The Las Vegas Valley’s real estate community is mourning the death of one of its pioneers, Irene Vogel, on Dec. 24. She was 95.
Vogel, originally of the New York City borough of Brooklyn, worked in the Las Vegas real estate community for nearly 40 years before retiring in 2011. She served as chief executive officer of what is now known as Las Vegas Realtors and for a time as a real estate agent.
“She served as CEO of what was then called the Greater Las Vegas Association of Realtors for more than 30 years and played a huge role in shaping our association and the local real estate industry,” Barrett said of the 17,000-plus members association. “She was a mentor to many and a caring and loyal friend to countless others.”
Judie Woods, a longtime local real estate agent who had been a friend of Vogel’s for 45 years dating back to when she first got her real estate license, said she was a character who was a key part of the community.
“She became my mentor, but more than that, she was a friend. She touched so many of our lives. She did so much.”
Vogel was active with the Ronald McDonald House and the Jewish Federation. She served more than 10 years on the board of directors for the Friends of Channel 10 (Vegas PBS) while also serving on the board of the College of Southern Nevada Foundation.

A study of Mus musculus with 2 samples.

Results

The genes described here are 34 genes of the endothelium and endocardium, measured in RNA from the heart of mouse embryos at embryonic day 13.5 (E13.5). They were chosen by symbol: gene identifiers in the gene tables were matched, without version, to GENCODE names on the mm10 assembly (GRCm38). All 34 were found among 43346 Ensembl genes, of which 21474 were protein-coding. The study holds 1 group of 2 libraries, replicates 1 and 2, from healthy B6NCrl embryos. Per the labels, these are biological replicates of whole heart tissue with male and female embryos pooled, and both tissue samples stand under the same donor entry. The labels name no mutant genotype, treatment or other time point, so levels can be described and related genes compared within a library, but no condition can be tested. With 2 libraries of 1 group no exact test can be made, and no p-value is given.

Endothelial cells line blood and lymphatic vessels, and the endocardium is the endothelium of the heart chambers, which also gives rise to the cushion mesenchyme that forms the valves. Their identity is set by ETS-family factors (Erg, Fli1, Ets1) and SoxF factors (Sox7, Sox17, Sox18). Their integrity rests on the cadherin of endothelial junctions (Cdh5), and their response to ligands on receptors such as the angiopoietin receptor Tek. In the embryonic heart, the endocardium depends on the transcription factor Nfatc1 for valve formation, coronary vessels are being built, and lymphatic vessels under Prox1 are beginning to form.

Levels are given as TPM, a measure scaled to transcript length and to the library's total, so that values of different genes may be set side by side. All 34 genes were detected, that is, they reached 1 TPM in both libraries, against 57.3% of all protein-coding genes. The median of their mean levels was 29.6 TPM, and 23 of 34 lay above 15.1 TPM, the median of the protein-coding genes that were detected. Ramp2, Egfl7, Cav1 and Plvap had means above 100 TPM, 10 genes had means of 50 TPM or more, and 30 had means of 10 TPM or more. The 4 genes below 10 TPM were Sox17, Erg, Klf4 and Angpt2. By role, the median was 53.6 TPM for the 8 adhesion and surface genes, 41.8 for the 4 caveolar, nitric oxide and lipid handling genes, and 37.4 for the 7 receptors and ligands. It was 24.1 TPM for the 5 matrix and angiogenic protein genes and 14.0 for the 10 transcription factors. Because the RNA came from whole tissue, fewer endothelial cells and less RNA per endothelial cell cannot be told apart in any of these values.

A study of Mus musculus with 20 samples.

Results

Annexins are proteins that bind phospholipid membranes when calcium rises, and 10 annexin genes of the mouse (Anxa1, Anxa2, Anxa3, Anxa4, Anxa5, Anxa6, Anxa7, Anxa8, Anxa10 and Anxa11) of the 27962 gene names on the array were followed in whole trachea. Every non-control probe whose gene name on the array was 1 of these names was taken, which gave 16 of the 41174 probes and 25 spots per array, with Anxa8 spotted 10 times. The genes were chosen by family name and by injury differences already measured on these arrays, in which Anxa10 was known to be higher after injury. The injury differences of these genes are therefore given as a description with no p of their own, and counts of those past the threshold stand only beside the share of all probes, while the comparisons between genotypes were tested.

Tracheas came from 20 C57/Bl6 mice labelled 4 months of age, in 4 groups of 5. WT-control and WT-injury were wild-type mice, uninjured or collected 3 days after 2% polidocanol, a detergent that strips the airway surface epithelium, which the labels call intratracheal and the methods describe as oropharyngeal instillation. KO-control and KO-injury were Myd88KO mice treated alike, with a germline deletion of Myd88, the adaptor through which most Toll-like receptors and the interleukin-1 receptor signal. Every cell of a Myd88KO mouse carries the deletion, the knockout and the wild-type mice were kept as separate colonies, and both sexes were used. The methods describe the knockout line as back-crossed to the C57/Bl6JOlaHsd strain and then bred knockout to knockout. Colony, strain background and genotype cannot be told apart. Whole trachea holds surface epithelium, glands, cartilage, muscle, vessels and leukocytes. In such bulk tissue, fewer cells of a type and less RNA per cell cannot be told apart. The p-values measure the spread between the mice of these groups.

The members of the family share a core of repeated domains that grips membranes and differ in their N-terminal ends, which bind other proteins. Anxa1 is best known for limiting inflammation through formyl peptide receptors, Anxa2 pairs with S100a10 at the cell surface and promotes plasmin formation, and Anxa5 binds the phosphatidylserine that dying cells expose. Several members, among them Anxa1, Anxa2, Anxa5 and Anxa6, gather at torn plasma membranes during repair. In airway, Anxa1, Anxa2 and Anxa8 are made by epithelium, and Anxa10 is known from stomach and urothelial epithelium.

In 1990, Vogel received a Community Achievement Award in Real Estate from the Las Vegas Chamber of Commerce and in 2007 received a Lifetime Achievement award from Las Vegas Realtors.
Vogel moved to Las Vegas with her now late husband Allen in 1974 after raising their two daughters in California. Vogel soon started working for the Las Vegas Board of Realtors, now known as Las Vegas Realtors. She took a sabbatical from the association in 1990 — becoming a real estate agent and working for Country Club Hills by Christopher Holmes — before returning to the association in 1999 as chief executive officer and remaining in that role until her 2011 retirement.
Outside of work, Vogel’s daughters Susie Allazetta and Andee Ruby said she enjoyed regular lunches with friends, traveling, shopping and playing tennis.
“Although Irene gave so much of herself to charity and work, she was a giving and devoted friend and nothing less than the perfect wife, mother, grandmother and great-grandmother,” Allazetta said. “Her family’s love for her will only continue to grow and she will be greatly missed by those she left behind.”
A funeral service will be held Friday at noon at King David Memorial Chapel, followed by a reception at 3 p.m. at Spanish Trail Country Club.
Contact Patrick Blennerhassett at [email protected].